Now here’s a real cheating scandal: forget the NFL. The big-money, truly audacious cheaters are overseas


The world of professional sports had its own Dundee moment late last week. On the same day the NFL fined the New England Patriots and head coach Bill Belichick US$750,000 (plus an early draft pick) for a spying incident, FIA, the governing body for Formula One racing, dealt McLaren an impressive $100-million penalty (plus disqualification from the team championship) for its bit of athletic espionage against Ferrari.

Sporting comparisons are hard to come by. In the NBA, the Minnesota Timberwolves were once fined $3.5 million (and several draft picks) for violating league salary cap rules, while Dallas Mavericks owner Mark Cuban was once penalized half a million for questioning the competence of league referees. But $100 million? Nothing remotely close. For what it’s worth, only 23 of the 122 teams in the NFL, NBA, NHL and Major League Baseball have payrolls that total more than $100 million.


Still, McLaren chairman Ron Dennis seemed unmoved. “If you read our accounts, we turn over roughly $450 million to $500 million a year, and we are debt-free, so obviously we are a very strong company with phenomenal growth.” The British press similarly sniffed. “McLaren’s $100m fine will sound a lot to the outside world, but Dennis will not be asking for time to pay,” wrote the Guardian’s Richard Williams. “McLaren are among the sport’s biggest earners and biggest spenders, and the fine will make no difference to their activities.”

There is a difference, then, between a fine and a fine. And a lesson in cultural perspective is perhaps necessary. In 2000, shortstop Alex Rodriguez signed a 10-year, $252-million contract with the Texas Rangers that is widely considered the most lucrative in sports history. But, on a per-year basis, he earns considerably less than Kimi Raik konen, the highest paid driver in F1, who makes somewhere between $32 and $51 million per year with Ferrari, depending on the estimate. And Raikkonen is but the second-highest-paid racer in F1 history, the legendary Michael Schumacher having reportedly earned $62.4 million at his peak.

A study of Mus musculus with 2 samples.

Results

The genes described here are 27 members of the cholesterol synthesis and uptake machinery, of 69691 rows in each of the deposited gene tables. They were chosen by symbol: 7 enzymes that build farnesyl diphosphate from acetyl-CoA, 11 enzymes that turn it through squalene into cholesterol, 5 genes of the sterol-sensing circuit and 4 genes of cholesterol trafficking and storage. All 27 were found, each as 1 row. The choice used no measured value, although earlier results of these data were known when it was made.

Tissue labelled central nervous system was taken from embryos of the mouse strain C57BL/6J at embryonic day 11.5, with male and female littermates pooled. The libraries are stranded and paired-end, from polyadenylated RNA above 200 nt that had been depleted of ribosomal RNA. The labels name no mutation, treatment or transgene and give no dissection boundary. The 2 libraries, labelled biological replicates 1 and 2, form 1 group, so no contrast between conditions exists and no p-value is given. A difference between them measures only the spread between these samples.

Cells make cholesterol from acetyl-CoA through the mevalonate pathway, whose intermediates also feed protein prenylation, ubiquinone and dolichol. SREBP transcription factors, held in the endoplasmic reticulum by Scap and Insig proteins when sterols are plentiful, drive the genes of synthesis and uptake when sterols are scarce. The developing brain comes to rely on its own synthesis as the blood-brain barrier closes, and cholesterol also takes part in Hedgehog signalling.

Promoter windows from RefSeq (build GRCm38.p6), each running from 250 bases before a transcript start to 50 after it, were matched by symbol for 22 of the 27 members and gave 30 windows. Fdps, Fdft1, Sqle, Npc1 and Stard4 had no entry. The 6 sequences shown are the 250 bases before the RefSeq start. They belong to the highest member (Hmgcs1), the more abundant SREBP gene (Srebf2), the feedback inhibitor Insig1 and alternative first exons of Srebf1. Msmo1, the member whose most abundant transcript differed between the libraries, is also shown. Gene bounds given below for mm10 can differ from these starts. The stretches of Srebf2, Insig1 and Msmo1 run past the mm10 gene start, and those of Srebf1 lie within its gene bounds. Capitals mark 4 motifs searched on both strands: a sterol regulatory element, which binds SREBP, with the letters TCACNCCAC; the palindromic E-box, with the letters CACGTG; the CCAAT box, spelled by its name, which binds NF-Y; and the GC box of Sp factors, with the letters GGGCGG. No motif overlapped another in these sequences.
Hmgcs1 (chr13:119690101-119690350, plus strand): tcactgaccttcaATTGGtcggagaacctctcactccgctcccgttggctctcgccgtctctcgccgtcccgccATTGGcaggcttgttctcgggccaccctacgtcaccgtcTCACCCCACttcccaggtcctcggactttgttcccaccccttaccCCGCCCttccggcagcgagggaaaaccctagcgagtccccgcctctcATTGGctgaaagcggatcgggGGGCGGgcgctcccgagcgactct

According to the estimates of Formula Money, an authority on F1 finances, McLaren’s budget for the current year is $445.4 million, the highest of any team. The McLaren Group, the team’s parent company, is part owned by DaimlerChrysler and the Bahrain Mumtalakat Holding Company (an extension of the Kingdom of Bahrain) and sponsored by Vodafone (one of the world’s largest telecommunications companies). “Even if it loses $100 million off next year’s budget, this will only put it on a par with rivals such as Honda and BMW” says Formula Money co-author Caroline Reid.


On a practical level too, the NFL scandal is amateur by comparison. Where the Patriots are accused of sending a relatively inexperienced 26-year-old staffer to tape the hand signals of opposing coaches, McLaren managed to acquire a thumping 780-page dossier from a disgruntled Ferrari employee. The information from the manual concerned such matters as weight distribution, braking and a mysterious gas Ferrari used to inflate their tires.

What’s more, the European version of Spygate has spun off a separate scandal–this one involving McLaren teammates and rivals Fernando Alonso and Lewis Hamilton. Alonso, currently sitting second in the overall standings, is alleged to have threatened to go public with what he knew of the dossier if McLaren didn’t make him their No. 1 driver ahead of Hamilton, F1’s top racer so far this year. At Sunday’s Belgian Grand Prix, Hamilton (who finished fourth) accused Alonso (who finished third) of trying to settle the matter by sideswiping him at 190 km/h. “It’s been a tough week, and for sure a lot tougher week for me than for Fernando because … I won’t say any more,” Hamilton said, adding, “I feel more attached to the team, I guess, and I care a bit more.”

With that Hamilton set the stage for a furious end to the F1 season. And, once again, reminded North American sports fans not to overestimate their own scandals.